Households' wealth distribution in Croatia

Published: 27/3/2020

In mid-2017, the Croatian National Bank carried out the first Household Finance and Consumption Survey (HFCS). The sample of households in Croatia[1] contained detailed data on the real and financial assets of households, their liabilities, incomes and consumption as well as various sociodemographic characteristics. Before this survey, the assets of Croatian households could be analysed only on the basis of aggregate data sources, such as financial accounts containing data on total financial assets and liabilities, while there was no adequate source for the analysis of household real assets. In addition, the available aggregate sources of data did not contain information on the distribution of assets and liabilities among households and underlying inequalities. Household inequality in Croatia used to be analysed relying exclusively on household income data.[2]

This paper uses the results of the survey to describe the main types of real and financial assets and to analyse total household net assets and their distribution. Moreover, a generalized ordered probit model is used in order to detect the main drivers of household position in net wealth distribution.

The main results show there is moderate inequality in net wealth distribution among households in Croatia. Real assets are widely spread across households with 85% of the households owning the household main residence (HMR), with a median value of 66 thousand euro (Table 1). On the other hand, financial assets and liabilities are concentrated among wealthier households.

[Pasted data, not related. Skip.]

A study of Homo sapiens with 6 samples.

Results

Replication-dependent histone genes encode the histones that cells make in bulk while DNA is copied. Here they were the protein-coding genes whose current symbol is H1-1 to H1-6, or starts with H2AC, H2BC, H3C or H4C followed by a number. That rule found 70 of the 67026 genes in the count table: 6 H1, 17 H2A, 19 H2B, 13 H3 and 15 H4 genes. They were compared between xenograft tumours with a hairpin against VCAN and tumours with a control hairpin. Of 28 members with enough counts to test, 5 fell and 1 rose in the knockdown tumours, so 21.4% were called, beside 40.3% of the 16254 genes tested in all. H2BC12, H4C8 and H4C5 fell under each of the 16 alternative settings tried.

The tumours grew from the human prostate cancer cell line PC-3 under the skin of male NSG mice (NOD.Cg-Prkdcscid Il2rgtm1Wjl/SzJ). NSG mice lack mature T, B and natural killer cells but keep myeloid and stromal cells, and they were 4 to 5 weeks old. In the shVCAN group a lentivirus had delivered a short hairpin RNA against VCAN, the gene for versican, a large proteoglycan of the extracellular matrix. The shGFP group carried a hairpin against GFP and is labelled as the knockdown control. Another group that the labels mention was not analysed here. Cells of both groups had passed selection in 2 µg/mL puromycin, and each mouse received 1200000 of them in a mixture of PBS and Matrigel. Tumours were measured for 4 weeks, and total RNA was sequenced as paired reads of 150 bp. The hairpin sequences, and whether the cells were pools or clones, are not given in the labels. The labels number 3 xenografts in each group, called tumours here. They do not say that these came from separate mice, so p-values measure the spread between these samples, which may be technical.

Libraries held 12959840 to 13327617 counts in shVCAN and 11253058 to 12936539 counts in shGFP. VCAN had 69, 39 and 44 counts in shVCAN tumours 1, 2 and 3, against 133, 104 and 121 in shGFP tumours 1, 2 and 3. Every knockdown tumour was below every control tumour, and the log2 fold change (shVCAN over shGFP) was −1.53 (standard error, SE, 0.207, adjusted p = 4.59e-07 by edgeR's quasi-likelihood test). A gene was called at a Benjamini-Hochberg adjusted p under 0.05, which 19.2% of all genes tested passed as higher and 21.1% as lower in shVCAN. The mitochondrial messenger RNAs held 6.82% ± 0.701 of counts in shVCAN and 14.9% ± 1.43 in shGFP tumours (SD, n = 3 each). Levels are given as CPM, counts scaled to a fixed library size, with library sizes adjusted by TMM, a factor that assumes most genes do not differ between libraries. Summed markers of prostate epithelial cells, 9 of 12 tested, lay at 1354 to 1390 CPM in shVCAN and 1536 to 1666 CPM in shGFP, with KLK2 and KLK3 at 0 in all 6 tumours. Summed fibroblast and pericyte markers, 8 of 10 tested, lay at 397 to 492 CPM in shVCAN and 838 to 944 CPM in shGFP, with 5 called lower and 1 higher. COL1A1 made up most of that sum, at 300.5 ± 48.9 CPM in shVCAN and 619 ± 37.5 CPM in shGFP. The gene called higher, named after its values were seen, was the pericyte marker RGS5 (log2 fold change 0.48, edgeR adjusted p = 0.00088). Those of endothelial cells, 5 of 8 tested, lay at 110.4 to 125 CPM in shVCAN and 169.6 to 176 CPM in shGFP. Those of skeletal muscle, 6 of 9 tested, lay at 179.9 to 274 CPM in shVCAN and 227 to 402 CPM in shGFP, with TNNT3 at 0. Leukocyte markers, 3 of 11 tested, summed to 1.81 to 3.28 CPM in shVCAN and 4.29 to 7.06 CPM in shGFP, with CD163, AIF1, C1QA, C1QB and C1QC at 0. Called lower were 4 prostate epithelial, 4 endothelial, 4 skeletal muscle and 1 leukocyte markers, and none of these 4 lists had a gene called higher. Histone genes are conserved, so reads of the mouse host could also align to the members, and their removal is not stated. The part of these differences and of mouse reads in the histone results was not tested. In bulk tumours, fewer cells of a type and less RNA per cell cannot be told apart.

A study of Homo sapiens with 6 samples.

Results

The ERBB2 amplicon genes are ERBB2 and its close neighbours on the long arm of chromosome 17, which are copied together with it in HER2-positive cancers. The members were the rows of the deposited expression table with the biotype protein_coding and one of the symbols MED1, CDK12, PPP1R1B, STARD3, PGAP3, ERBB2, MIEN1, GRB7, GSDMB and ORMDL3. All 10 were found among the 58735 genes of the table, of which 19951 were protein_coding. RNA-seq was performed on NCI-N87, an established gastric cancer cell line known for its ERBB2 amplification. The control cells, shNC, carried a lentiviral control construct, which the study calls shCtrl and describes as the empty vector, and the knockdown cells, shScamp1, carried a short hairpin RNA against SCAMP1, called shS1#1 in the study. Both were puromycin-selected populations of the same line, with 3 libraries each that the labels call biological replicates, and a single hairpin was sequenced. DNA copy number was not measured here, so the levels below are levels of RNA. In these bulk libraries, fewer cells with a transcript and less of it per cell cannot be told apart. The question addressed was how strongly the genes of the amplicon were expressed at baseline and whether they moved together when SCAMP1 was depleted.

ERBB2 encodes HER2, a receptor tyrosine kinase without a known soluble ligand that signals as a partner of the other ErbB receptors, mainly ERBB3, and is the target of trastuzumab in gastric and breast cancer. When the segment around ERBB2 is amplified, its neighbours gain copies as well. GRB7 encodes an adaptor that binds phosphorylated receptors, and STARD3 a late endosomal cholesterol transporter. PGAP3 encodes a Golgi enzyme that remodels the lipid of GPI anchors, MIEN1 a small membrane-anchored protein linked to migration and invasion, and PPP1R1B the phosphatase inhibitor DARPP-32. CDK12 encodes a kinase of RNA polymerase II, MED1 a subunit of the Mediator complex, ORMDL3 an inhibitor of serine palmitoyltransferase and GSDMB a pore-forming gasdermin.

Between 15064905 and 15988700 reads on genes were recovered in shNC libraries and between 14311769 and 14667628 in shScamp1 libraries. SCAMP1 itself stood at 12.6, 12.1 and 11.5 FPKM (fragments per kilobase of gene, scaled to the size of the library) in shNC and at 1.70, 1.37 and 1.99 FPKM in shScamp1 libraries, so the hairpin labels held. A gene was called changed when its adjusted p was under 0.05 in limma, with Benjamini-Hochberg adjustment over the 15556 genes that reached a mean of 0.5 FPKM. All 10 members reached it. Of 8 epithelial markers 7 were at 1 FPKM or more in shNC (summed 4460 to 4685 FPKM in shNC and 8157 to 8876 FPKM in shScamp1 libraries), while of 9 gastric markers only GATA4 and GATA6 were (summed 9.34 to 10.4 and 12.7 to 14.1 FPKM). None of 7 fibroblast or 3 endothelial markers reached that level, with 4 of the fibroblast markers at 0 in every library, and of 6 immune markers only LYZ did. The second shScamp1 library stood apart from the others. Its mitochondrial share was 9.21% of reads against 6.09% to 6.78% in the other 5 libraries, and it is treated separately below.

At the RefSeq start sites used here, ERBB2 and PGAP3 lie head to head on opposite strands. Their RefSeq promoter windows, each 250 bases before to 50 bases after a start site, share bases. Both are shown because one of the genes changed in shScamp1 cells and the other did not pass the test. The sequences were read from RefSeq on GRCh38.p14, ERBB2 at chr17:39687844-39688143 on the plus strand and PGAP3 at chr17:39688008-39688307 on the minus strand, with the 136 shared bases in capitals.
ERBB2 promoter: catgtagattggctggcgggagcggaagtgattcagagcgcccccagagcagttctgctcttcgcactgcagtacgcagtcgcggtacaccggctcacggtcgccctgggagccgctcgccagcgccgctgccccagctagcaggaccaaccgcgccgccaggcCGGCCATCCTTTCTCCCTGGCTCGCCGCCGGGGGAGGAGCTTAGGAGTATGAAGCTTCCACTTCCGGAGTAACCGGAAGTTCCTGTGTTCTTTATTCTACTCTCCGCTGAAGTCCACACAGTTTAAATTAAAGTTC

Table 1 Components of household assets and liabilities

Notes: Gross assets are calculated as the sum of real and financial assets. Net assets equal the amount of gross assets net of household liabilities. The survey has been harmonised among EU member states and its values are expressed in euro.

Sources: HFCS and authors’ calculations.

The analysis of the main determinants of household position in the wealth distribution additionally highlighted the importance of the HMR. Households owning the HMR, independently of the exact way of its acquisition, are less likely to be in the lowest quintile group according to the net wealth value, while households with the HMR located in the city of Zagreb or Adriatic municipalities have a higher probability of being in higher quintile groups according to the net wealth value. The level of income, education, labour market status and age group of the household reference person are also important determinants of household position in net wealth distribution, where households with more educated, older and self-employed reference persons have a higher probability to be among wealthier households.


[1] The Household Finance and Consumption Survey was conducted in coordination with the European Central Bank. The European Central Bank had already coordinated two HFCS waves in some EU member states, the first one in the period from 2008 to 2010 and the second one in 2013. As Croatia joined the EU in July 2013, the Croatian National Bank (CNB) joined the third wave of the survey, in 2017, when data on net household assets for 2016 were collected. The survey was carried out in cooperation with Ipsos agency and the Croatian Bureau of Statistics (CBS) on a gross sample of 4 070 households. The realized sample comprised 1,357 households, which means that the response rate was 33%. Jemrić I. (forthcoming) Household Finance and Consumption Survey provides a detailed sampling procedure, a description of the survey, a summary overview of the main results and their comparison with the results of the previous waves of the survey.

[2] For more details, see Nestić, D. (2005), Rubil, I. (2013), Rubil, I., P. Stubbs and S. Zrinščak (2018), which are based on the Household Budget Survey of the CBS.